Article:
Why Dragon Carrots?

19 Dec

Over the few years I’ve been gardening more and more. It started with a container herb patch, morphed into an attempt to Bonsai various plants and ending up where I am now with a patch of dirt on body corporate land in the unlikely place between a swimming pool and Sydney Harbour.

This is my first real garden and I’ve probably jumped into rather quickly. I looked up companion planting but when it came down to it I still planted creeping plants (rockmelon, zuchinni, mint etc) next to carrots and tomatos. But it’s all a learning process and that what this blog is about. My garden, what i’ve got, how I’ve done it and as much information about the various bits as I can research and pass on.

The title Dragon Carrots come from a type of carrot of the same name. It’s a purple carrot. Did you know that originally, before selective breeding became all the rage, carrots were purple, white and Orange. It wasn’t until the orange carrots were selectively bred in revenance to the House of Orange in the Netherlands. I stumbled across this breed recently while looking for some more unusal heirloom varieties and they represent my first harvest so seemed appropriate.

On top of that, just this morning I was sent a post from the University of Southern Queensland that purple carrots are being postitioned as the next supervegetable. The results seen from feeding purple carrot juice to overwieght “western diet” fed rats in quite remarkable. It quotes that compared to your regular orange carrots “purple carrots have up to 28 times more anthocyanins, the antioxidant that creates the purple-red pigment in blueberries and raspberries, among other foods.”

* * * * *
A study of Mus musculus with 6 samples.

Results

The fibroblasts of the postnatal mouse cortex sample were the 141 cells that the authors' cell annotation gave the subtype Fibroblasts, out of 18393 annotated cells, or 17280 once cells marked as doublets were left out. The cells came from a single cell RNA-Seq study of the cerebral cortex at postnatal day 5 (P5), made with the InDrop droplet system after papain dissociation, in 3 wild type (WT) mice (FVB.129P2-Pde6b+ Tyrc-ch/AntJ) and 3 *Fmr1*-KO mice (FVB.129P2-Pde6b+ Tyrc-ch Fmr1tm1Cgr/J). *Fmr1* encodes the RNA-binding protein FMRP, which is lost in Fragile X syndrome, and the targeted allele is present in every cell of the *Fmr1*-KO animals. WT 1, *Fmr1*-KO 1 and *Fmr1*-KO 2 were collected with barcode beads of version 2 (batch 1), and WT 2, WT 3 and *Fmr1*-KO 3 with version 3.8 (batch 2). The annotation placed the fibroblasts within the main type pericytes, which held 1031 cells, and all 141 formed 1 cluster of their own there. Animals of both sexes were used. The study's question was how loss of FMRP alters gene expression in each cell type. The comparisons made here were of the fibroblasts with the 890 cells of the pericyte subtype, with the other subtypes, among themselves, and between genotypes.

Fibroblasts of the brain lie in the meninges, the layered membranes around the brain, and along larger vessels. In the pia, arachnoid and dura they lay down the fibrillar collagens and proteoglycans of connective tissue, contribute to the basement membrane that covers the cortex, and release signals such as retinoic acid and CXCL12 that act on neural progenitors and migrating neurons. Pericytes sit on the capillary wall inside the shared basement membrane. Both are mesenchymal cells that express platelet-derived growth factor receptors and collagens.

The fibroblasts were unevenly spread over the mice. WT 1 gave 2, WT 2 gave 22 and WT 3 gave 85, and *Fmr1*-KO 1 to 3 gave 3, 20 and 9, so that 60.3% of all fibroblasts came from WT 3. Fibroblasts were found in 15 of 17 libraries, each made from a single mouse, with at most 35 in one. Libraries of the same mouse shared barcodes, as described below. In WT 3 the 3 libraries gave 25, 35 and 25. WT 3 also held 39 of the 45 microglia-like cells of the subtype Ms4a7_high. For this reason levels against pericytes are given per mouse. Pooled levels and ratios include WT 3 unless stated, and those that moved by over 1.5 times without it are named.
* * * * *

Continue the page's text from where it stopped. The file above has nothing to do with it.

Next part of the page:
So combine the two references and you have the Dragon Carrot blog. Hope you enjoy it.


  1. Martyn December 21, 2010 at 8:45 am #

    Lincoln, this is great and interesting and answered many of the questions I have asked at vegetable stores and just been given blank looks..never thought I would be so knowledgeable on 'small marrows'….as we call them in Wales!!

  2. Denise December 21, 2010 at 11:31 am #

    LInc, Read your blog, great idea. Hopefully I'll be able to contribute in a more fruitful way later on. The heirloom tomatoes yuo gave me are powering away but as yet no flowers. Should I give more fertiliser?

  3. Lincoln December 21, 2010 at 1:35 pm #

    With the tomato's make sure they are getting lots of sun 8 hours a day. Hot afternoon sun can be too much and if you see blossom drop shift the plants out of the afternoon sun. Save your old tea leaves which are high in nitrogen. If you have a compost, tea leaves(and coffee) helps with decomposition and narrows the PH to 6.5 (ideal for most vege's). I throw my tea leaves directly around the base of the plants. Something I'm going to try out is putting my tea leaves in a spray bottle and spraying the leaves. I might call this "tea compost tea" :-).I've read this can act as a topical burst of nutrients that kick start flowers and help fruits. Let me know if you try and this how it went.

  4. Ilana December 31, 2010 at 2:38 am #

    I love the idea of a Dragon carrot – it sounds quite mythical! It is interesting to read about the health benefits of alternative coloured carrots as they are also making their mark in the food industry as natural dyes. The purple carrot is in great demand, as is the black carrot. The dye from purple carrots changes to brown when heated, to red in acid and to blue in alkaline and the black carrot dye can replace the pink in carmine.